The Greatest Feature of the De Tomaso P72

In a world of modern hypercars sporting carbon fiber paddle shifters, electronic transmission shift solenoids, electronic rev matching and fancy knobs to notify what drive mode you’re in — there’s something that’s been missing in the context of these supercar-like vehicles.  Ahhh yes.  It’s a stick shift.

I know.  It seems archaic.  It’s slower that an automatic.  It’s clunky.  But the stick shift is revealed as the ultimate connection to man and machine.  Take for instance the “gated” Ferrari Shifter.  Or the Hurst short-throw shifter.  These are weapons that demand tire-frying chaos.  But just as the hypercar industry has waved a white surrender flag to AI, classifying the stick shift as an archaic tool of the past, one motor company has risen above the madness like a phoenix.  To this, I welcome the new De Tomaso P72, and is stick shift.


As soon as you have read that name, I’m sure images of that car appear in your head.  The Pantera was utter chaos.  It was an Italian chassis and body design with a gigantic American motor shoved in the ass.  And yes, it had a stick shift that utilized the “gated” Ferrari design.  Did the Pantera handle well?  Was it the fastest supercar of its time?  No.  Not by a long shot.  But it was one hell of a ride.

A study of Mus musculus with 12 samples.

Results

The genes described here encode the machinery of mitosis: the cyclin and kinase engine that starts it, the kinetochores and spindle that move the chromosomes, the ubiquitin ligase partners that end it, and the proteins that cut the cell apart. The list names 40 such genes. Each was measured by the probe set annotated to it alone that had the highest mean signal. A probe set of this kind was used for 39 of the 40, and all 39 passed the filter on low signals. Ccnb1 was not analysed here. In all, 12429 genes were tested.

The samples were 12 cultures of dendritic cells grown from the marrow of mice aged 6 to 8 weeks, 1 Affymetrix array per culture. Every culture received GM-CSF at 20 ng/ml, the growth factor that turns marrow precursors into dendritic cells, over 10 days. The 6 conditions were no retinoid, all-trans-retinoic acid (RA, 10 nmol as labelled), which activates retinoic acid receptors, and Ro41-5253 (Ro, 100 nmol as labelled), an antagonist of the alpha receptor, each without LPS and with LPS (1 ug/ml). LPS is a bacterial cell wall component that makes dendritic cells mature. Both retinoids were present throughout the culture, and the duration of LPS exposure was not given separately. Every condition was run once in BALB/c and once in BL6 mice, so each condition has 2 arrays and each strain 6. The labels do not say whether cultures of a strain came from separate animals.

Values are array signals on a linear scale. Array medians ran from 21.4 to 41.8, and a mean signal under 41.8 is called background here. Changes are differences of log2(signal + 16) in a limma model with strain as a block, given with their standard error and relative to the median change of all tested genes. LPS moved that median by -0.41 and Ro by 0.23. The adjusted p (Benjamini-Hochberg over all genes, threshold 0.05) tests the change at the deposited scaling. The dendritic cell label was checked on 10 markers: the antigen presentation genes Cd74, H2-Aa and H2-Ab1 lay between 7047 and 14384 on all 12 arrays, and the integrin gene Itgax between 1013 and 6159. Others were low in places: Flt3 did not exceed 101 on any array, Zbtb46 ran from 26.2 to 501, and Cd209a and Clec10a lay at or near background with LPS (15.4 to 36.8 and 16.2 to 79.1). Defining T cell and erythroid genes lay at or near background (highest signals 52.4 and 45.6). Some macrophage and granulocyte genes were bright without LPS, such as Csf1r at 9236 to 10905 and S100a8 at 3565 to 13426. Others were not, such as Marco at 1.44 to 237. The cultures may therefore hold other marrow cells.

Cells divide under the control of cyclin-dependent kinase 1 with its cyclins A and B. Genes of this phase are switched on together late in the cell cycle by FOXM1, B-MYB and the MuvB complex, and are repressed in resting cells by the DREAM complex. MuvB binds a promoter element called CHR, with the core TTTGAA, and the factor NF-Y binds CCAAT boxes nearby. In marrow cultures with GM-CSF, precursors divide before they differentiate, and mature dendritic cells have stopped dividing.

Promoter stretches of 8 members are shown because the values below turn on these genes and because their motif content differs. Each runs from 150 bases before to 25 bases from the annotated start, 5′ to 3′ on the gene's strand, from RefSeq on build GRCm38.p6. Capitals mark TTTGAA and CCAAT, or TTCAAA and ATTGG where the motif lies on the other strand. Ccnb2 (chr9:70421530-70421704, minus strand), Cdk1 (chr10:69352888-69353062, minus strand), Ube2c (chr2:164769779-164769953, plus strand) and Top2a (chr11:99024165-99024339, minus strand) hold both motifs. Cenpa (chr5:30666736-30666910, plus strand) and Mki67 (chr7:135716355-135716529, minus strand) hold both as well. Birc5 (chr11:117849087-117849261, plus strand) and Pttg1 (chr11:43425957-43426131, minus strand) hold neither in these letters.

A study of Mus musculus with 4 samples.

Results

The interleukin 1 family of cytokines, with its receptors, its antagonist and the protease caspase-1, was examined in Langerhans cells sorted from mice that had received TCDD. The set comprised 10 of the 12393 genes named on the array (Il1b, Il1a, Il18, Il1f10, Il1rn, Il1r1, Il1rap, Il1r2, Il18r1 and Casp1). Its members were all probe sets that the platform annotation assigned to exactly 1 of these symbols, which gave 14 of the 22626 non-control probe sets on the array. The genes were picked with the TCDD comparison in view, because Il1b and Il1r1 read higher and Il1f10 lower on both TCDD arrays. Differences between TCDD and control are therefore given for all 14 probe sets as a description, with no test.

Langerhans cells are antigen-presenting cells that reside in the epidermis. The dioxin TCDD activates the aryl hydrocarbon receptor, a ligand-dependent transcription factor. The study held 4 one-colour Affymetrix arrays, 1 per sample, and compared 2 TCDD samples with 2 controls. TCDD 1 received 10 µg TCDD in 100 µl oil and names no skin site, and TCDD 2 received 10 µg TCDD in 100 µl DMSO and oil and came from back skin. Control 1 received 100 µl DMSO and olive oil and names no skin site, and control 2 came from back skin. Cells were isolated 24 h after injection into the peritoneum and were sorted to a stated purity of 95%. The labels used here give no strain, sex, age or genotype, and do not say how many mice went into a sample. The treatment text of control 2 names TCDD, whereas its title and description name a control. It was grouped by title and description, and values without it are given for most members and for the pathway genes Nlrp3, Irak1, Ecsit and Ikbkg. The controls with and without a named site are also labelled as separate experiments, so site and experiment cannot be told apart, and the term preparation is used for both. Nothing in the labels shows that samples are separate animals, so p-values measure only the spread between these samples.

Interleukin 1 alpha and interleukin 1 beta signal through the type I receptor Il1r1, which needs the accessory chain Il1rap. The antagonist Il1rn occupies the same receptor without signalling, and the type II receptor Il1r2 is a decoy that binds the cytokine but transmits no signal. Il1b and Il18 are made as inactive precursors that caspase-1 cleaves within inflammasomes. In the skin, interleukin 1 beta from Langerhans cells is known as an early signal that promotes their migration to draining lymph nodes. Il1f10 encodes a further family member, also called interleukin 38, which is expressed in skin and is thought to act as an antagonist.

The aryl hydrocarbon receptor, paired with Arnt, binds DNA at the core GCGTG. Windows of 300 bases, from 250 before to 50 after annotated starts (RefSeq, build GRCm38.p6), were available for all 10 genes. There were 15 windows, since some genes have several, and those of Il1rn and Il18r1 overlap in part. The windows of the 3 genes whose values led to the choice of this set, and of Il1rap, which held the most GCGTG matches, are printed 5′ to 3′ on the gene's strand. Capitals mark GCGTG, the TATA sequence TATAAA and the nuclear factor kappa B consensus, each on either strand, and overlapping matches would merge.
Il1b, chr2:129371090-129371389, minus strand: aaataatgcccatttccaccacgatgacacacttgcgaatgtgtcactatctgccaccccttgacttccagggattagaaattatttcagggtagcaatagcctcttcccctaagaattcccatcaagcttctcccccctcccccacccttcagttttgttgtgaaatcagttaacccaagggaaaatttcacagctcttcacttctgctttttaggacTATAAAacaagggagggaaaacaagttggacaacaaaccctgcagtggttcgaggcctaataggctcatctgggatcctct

de-tomaso-pantera shifter

So now that the P72 and its mechanical masterpiece has been revealed, one can wonder how this will be received among other manufacturers. Will this make them realize that driving doesn’t have to be split second shift points, unemotional buttons, automated assists and no feedback from the road. Can’t a modern super car just be simple?  Until this answered,  I am going to stop writing and just let you gaze at the glorious design of the De Tomaso shifter in P72 cabin.